The reality for Alabama is that LSU, Auburn will be no easy feats
LSU is going into a game against a top-ranked opponent supremely confident.
Before LSU practiced on Wednesday last week, defensive back Dwayne Thomas told reporters, “I feel like we have the edge to take it to them, and we’re going to take it to them and I feel like we’re just going to dominate this game,” when speaking of the upcoming game against Alabama.
If Nick Saban wanted bulletin board material, he didn’t have to work hard to receive it.
Alabama has swagger and confidence without being overconfident. One could say the same about Auburn, the toughest team left on Alabama’s schedule. Auburn is positively frightening for any opponent with the most efficient passer in the SEC in Sean White, plus both Kamryn Pettway and Kerryon Johnson at running back.
Since offensive coordinator Rhett Lashlee took over full play-calling duties, Auburn is 5-0 and the team’s offensive stats have shot off the charts.
“Sometimes believing is more important than what you are,” Lashlee told reporters at his press conference this week. “Our guys have a lot of confidence right now.”
That’s been the difference. Auburn has the same swagger it showed in 2013 when it eventually played for a national championship. Alabama possesses the same swagger. Neither team has tensed up when playing from behind.
Meanwhile, several LSU players are offering confident predictions ahead of Saturday’s game against the Crimson Tide. Leonard Fournette called it a “fact” on SEC Now when asked if LSU would beat Alabama. There’s nothing wrong with being confident, especially when a team holds home field advantage, and Tiger Stadium is one of the most challenging stadiums for opponents. However, providing extra motivation to a heated game probably isn’t the most prudent move.
Interestingly, Auburn’s defensive coordinator this season, Kevin Steele, was at LSU last season and previously coached under Saban at Alabama, too. Les Miles made a flashy move by hiring Dave Aranda as his new defensive coordinator, but the real problem was on the offense and Cam Cameron played a role in Miles’ firing.
Steele did well as Alabama’s linebackers coach in 2014 and did reasonably well last season at LSU. No, the defense wasn’t as dominant as it had been under John Chavis, but the defense allowed a season-high 38 points against Ole Miss. Alabama allowed 43 points to Ole Miss last season and this season.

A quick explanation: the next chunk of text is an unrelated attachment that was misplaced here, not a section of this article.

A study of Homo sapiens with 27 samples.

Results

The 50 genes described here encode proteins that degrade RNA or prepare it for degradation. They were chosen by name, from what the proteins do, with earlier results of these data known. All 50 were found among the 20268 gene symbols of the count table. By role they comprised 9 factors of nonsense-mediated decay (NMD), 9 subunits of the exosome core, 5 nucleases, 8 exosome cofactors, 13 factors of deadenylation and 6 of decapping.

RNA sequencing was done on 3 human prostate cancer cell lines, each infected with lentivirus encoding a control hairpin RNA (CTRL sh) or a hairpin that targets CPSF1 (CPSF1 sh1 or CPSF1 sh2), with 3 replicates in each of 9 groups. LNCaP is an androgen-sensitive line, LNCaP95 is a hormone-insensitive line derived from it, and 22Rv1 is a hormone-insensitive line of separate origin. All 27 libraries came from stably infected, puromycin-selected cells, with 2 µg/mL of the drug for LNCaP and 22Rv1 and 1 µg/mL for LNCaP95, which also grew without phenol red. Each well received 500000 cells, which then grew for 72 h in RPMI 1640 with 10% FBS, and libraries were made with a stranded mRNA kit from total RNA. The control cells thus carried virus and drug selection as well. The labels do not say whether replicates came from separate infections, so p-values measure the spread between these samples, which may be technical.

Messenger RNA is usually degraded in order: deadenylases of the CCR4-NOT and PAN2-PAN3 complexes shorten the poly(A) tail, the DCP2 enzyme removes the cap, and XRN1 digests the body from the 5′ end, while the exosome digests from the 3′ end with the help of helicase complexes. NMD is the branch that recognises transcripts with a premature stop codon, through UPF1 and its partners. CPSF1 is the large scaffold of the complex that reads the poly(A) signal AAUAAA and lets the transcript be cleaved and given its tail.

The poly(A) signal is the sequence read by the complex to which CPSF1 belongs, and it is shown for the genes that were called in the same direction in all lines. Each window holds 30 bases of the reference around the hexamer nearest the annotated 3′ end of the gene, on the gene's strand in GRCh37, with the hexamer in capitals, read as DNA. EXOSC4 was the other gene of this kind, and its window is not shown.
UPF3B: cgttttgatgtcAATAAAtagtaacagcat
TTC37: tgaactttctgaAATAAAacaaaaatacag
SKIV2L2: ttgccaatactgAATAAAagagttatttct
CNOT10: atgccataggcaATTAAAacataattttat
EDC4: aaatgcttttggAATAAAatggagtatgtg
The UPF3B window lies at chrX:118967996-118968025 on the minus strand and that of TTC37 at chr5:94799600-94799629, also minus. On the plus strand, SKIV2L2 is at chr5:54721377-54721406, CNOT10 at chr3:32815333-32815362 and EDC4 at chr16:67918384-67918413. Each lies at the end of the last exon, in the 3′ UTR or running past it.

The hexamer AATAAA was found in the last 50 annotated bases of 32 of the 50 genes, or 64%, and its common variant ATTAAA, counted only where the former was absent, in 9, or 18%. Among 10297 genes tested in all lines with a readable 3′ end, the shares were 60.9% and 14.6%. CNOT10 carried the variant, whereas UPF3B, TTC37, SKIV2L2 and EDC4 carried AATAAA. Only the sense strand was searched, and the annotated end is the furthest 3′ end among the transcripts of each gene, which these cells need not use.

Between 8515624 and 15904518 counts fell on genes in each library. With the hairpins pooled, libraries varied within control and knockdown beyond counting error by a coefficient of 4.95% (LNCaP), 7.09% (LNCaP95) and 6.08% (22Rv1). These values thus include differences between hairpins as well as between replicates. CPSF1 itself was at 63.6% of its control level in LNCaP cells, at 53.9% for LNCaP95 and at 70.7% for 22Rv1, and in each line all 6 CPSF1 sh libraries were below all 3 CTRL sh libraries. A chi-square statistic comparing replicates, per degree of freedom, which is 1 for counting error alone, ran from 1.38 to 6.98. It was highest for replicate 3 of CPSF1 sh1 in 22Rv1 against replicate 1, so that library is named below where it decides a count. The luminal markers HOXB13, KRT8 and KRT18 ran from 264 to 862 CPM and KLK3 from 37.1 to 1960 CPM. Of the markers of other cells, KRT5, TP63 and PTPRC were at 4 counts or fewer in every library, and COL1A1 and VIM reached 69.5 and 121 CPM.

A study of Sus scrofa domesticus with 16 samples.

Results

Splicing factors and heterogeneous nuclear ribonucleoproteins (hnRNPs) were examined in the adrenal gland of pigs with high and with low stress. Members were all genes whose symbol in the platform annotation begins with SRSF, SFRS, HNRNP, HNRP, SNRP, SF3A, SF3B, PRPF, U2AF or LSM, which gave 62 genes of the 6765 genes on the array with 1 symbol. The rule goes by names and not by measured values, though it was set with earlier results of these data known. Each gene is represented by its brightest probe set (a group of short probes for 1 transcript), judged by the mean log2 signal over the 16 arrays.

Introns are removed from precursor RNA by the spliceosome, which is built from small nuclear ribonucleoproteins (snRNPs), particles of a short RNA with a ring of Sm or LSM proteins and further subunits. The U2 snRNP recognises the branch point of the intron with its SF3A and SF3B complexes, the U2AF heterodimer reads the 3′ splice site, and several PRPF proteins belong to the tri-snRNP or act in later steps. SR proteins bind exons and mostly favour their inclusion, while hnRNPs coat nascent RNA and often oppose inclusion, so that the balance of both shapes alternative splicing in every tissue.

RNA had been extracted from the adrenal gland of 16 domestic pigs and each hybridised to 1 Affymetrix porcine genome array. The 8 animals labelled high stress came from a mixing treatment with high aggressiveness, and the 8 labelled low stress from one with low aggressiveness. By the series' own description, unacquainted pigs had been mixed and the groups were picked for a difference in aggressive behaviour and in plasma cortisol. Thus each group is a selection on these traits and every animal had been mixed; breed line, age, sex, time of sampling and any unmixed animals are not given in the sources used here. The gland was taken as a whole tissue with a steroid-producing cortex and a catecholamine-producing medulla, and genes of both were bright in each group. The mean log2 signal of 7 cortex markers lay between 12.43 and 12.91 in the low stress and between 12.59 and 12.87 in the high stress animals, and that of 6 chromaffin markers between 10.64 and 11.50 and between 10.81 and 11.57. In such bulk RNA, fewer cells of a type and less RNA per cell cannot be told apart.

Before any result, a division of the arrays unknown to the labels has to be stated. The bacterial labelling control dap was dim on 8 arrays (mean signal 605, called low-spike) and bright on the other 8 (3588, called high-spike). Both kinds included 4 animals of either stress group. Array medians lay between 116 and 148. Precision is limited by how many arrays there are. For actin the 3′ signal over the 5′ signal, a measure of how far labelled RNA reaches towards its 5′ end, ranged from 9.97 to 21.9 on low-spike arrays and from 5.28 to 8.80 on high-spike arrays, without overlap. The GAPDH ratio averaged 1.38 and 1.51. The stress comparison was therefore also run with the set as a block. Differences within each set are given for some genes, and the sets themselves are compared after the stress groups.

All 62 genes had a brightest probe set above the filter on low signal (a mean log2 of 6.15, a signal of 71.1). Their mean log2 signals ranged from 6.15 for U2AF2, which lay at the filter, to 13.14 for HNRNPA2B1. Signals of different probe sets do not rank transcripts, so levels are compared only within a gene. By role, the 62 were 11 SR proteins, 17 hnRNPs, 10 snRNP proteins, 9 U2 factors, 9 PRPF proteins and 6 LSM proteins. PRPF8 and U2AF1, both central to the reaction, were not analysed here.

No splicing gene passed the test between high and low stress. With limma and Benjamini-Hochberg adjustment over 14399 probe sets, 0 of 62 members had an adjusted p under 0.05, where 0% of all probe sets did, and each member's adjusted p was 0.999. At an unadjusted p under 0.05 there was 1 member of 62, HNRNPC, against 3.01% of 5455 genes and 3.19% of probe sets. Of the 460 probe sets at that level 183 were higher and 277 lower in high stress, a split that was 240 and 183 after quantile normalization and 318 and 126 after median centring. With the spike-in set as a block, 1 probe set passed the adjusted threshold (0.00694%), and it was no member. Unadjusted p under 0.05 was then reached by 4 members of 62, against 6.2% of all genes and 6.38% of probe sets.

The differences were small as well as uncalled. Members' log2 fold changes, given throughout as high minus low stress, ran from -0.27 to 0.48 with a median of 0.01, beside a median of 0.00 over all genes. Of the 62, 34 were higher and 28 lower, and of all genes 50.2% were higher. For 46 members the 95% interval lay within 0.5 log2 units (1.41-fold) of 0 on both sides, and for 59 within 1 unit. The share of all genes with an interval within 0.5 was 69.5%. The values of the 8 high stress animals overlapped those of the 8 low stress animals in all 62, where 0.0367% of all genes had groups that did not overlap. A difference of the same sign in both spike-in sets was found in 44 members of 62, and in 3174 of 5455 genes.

Alabama has made it through a string of three tough games relatively unscathed. LSU has had a string of three strong wins, too. And then there’s Auburn’s five straight wins, all of which started with a win against LSU.
LSU’s winning streak began after the Auburn loss after Miles’ firing. Of course, Ed Orgeron was elevated to interim head coach and Steve Ensminger was promoted to offensive coordinator. LSU has taken off offensively with Derrius Guice emerging as a top back and Fournette appearing fully healed from a nagging ankle injury. If convincing wins over Missouri and Southern Miss didn’t bring believers on the bandwagon, the Tigers’ impressive win over Ole Miss might have.
It will be interesting to see what asserts itself: LSU’s power running game or Alabama’s opportunistic, athletic defense. Meanwhile, Danny Etling (60.5 completion percentage) hasn’t been nearly as accurate as Sean White (SEC-best 68.5 percent), but he’s thrown for 200 yards in each of the last three games and has complemented the Tigers’ run game well.
To be clear, LSU presents one of the toughest games for Alabama this season. A&M appeared to be near the top. The Crimson Tide checked the Aggies off the list, but LSU and Auburn have gotten hot at exactly the wrong time for Alabama.
One thing seems likely: Alabama will be tested in both of these games in ways it hasn’t thus far this season. Regular season contests between LSU and Alabama the last five years have been decided by 14 points or less four times, two decided in overtime. This season isn’t likely to be any different. Of course, the Iron Bowl is one of the most heated rivalries in the country and anything can happen.
The College Football Playoff rankings will be released Nov. 1, and Alabama is likely to be at the top, but the two most challenging contests await before the team is to stay at the top.